Triple play and broadband will power the next stage of growth for Africa’s Internet


Except in the larger markets, the potential for the Internet in Africa is in the hundred of thousands or the tens of thousands depending on the size of a country but this is a great deal larger than the current size of Internet subscribers which tend in the main to be in the thousands. One of the key shifts will be that an increasing number of ISPs and telcos will devise broadband and Triple Play offers that are targeted at Africa’s middle classes in their homes.

This week sees the publication of the second edition of African Broadband, Triple Play and Converged Markets (the first edition was in 2005), a comprehensive 155+ page report that contains both consumer and industry data covering the key issues that will emerge as broadband growth takes off. The consumer data covers key questions from national and urban samples in 24 countries from both the high and low-growth markets.

African Broadband, Triple Play and Convergence Markets covers:

• Triple play and converged players: No one operator has all the skills required to create a successful African Triple Play offer but the report examines the likely players including: the vertically integrated telcos, the cable operators, the larger incumbent telcos, the Pay TV operators and alternative insurgent challengers. It also identifies those who have chosen to sit out this particular dance and the strategic alliances the players will have to make to succeed. For six key markets it provides numbers of cable, IP-TV and satellite subscribers and projects the likely potential for Triple Play operators by looking at levels of home PC ownership.

• Price survey and pricing strategy: Based on a survey of broadband offers in 38 African countries, the report provides comparisons between different capacities and download caps and between fixed and mobile Internet prices. In the relatively small number of countries where broadband pricing has allowed consumer use to develop, the report looks at the relationship between price and subscriber numbers.

Although some operators are offering laughably slow speeds and calling them broadband, the amount of capacity users are getting is increasing and the amount they are paying for it will continue to fall. Many African operators do not really believe that the Internet is a consumer service and price broadband services as a sort of leased line substitute for the low-end of the corporate market. But as the consumer survey data in the report shows, this is a very short-sighted commercial strategy in all but a handful of Africa’s poorest countries. By the end of 2007, there were nearly 3 million African broadband subscribers and this number is set to treble over the next 3 years.

• Speed of roll-out: When the first edition of this report was published in 2005, slightly less than half of the countries in Africa had some form of broadband offer. Now nearly all countries have some form of broadband services and those services are increasingly widely distributed on a geographic basis. The report updates operator implementation by delivery type and looks at which types of operators are using the different types of delivery technology available, providing one of the most complete and detailed overviews of broadband implementation.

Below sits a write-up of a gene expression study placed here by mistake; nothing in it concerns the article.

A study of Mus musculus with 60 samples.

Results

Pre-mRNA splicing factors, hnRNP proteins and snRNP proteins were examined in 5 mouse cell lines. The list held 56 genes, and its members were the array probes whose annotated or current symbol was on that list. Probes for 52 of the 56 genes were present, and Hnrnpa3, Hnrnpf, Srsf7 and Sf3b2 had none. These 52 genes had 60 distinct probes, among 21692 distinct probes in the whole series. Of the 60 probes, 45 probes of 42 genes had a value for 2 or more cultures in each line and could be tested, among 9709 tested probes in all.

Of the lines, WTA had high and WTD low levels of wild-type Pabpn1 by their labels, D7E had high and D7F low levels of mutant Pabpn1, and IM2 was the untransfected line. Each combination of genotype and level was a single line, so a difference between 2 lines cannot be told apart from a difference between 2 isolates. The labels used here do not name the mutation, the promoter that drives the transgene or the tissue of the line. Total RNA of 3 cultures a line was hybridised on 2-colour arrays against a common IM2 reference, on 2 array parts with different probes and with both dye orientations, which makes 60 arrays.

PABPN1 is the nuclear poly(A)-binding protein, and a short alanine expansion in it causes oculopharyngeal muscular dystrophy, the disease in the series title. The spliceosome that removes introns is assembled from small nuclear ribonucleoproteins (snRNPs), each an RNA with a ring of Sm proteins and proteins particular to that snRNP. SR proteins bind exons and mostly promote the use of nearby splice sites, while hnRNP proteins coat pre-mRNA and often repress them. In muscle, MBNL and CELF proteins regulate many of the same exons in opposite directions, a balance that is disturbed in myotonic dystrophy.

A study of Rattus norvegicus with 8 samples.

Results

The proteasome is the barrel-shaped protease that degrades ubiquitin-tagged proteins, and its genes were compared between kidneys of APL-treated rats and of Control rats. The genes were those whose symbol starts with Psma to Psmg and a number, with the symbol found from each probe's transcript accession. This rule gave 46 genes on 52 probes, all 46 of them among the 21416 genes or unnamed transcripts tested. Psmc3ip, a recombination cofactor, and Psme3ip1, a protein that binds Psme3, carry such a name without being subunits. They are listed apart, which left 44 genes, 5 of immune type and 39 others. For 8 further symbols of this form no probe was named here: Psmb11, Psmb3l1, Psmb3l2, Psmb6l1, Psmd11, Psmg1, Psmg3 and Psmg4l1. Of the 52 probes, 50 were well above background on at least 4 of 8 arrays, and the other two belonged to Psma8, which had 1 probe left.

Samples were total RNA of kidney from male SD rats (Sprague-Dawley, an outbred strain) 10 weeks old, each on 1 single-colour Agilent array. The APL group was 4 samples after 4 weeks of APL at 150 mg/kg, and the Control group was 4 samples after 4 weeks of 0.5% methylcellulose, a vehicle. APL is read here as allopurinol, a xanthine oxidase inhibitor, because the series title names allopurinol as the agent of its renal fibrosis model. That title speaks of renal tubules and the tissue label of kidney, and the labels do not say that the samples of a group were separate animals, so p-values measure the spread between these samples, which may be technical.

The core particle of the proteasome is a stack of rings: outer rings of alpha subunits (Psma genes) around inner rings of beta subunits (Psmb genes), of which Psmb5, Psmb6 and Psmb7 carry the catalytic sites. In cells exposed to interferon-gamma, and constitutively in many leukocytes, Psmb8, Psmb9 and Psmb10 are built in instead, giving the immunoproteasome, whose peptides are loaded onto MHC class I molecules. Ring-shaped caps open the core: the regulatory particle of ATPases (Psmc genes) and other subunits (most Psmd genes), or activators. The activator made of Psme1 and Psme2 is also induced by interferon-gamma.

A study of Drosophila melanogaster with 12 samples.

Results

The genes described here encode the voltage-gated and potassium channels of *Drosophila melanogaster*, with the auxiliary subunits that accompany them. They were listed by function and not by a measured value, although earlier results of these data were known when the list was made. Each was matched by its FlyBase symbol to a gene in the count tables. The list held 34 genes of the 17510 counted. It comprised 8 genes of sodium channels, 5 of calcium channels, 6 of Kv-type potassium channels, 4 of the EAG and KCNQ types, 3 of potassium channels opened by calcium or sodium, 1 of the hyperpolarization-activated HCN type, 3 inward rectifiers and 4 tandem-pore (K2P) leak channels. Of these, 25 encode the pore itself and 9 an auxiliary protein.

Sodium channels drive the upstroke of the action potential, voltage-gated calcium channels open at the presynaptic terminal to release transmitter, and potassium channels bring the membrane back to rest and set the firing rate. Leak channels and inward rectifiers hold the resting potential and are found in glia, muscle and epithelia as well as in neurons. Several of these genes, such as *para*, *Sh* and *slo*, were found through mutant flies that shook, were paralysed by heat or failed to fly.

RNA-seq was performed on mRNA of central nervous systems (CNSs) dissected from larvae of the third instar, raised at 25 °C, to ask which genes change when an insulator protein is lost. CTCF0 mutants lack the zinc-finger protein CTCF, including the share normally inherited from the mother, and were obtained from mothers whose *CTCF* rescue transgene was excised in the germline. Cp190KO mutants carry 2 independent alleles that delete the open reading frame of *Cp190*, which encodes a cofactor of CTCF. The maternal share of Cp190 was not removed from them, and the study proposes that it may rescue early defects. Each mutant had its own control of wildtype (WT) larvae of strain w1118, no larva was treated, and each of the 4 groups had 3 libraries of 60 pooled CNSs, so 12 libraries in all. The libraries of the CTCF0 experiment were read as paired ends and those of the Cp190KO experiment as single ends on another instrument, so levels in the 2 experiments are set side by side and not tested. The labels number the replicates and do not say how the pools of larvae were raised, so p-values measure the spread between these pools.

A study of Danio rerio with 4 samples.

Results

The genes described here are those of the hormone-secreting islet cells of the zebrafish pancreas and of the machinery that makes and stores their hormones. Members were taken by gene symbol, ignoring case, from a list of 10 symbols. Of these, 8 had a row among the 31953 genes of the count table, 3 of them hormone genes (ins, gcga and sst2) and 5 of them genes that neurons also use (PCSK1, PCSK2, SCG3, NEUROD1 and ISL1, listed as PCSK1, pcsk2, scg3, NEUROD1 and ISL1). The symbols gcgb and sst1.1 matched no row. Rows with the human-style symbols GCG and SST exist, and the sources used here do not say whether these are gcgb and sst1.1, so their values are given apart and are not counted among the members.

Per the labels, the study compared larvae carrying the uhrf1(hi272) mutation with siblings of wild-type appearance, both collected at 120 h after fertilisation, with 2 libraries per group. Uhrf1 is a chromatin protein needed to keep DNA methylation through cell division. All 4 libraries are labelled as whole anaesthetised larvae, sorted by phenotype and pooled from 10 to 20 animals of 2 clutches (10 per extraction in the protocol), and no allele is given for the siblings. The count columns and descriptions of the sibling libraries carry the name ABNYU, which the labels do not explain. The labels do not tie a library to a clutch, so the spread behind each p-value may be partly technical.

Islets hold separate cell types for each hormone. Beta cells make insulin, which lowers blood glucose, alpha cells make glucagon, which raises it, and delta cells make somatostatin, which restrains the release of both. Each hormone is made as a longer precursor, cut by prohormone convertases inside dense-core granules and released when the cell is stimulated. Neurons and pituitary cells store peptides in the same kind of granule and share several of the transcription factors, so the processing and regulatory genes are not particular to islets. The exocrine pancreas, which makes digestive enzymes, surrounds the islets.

• The question of content – the Internet as media and who’s using what content?: Broadband use in Africa, as elsewhere, thrives on the services and applications that are available to users. Increasingly the Internet is becoming a media in its own right: a tiny 1% of advertising revenues in South Africa goes to the Internet but this will increase rapidly over the next three years. African newspapers will be particularly vulnerable as those with smaller circulations are expensive to produce and have disproportionately high advertising rates.

Drawing on a wide range of country consumer surveys, the report looks at who is using the Internet on a daily basis, what they use it for and how its use compares to other competitor media like newspapers, radio, TV and SMS. It divides Internet markets into three categories – top, mid and low-tier – and provides a set of comparable data for each. The more detailed information from the top-tier markets offers intriguing clues as to what will happen in the mid tier markets as consumer broadband use becomes more widely distributed.

• Converged market bundles like mobile TV and other offers: The continent is the site of one of the most extensive set of roll-out plans for mobile TV. The report has a section that covers how it is being done, the initial numbers using the services and the technologies involved. It looks at how Triple Play offers might become Quad Play offers with mobile voice and mobile TV added in. France Telecom-owned Telkom Kenya has already announced that it will include these kinds of services when it launches its mobile service in September.

Balancing Act’s Broadband, Triple Play and Converged Markets, is over 155 pages long and has 42 charts, 38 tables of statistical data and 1 graphic map. In addition there are is a spreadsheet workbook with 10 worksheets providing actuals and forecasts of broadband numbers and a spreadsheet of broadband pricing and offers from 38 countries.

The report is priced as follows: Full price (Africa) – GBP250/US$500; Full price (Rest of the World) – GBP4000/US$800; Reduced price for universities and NGOs – GBP125/US$250.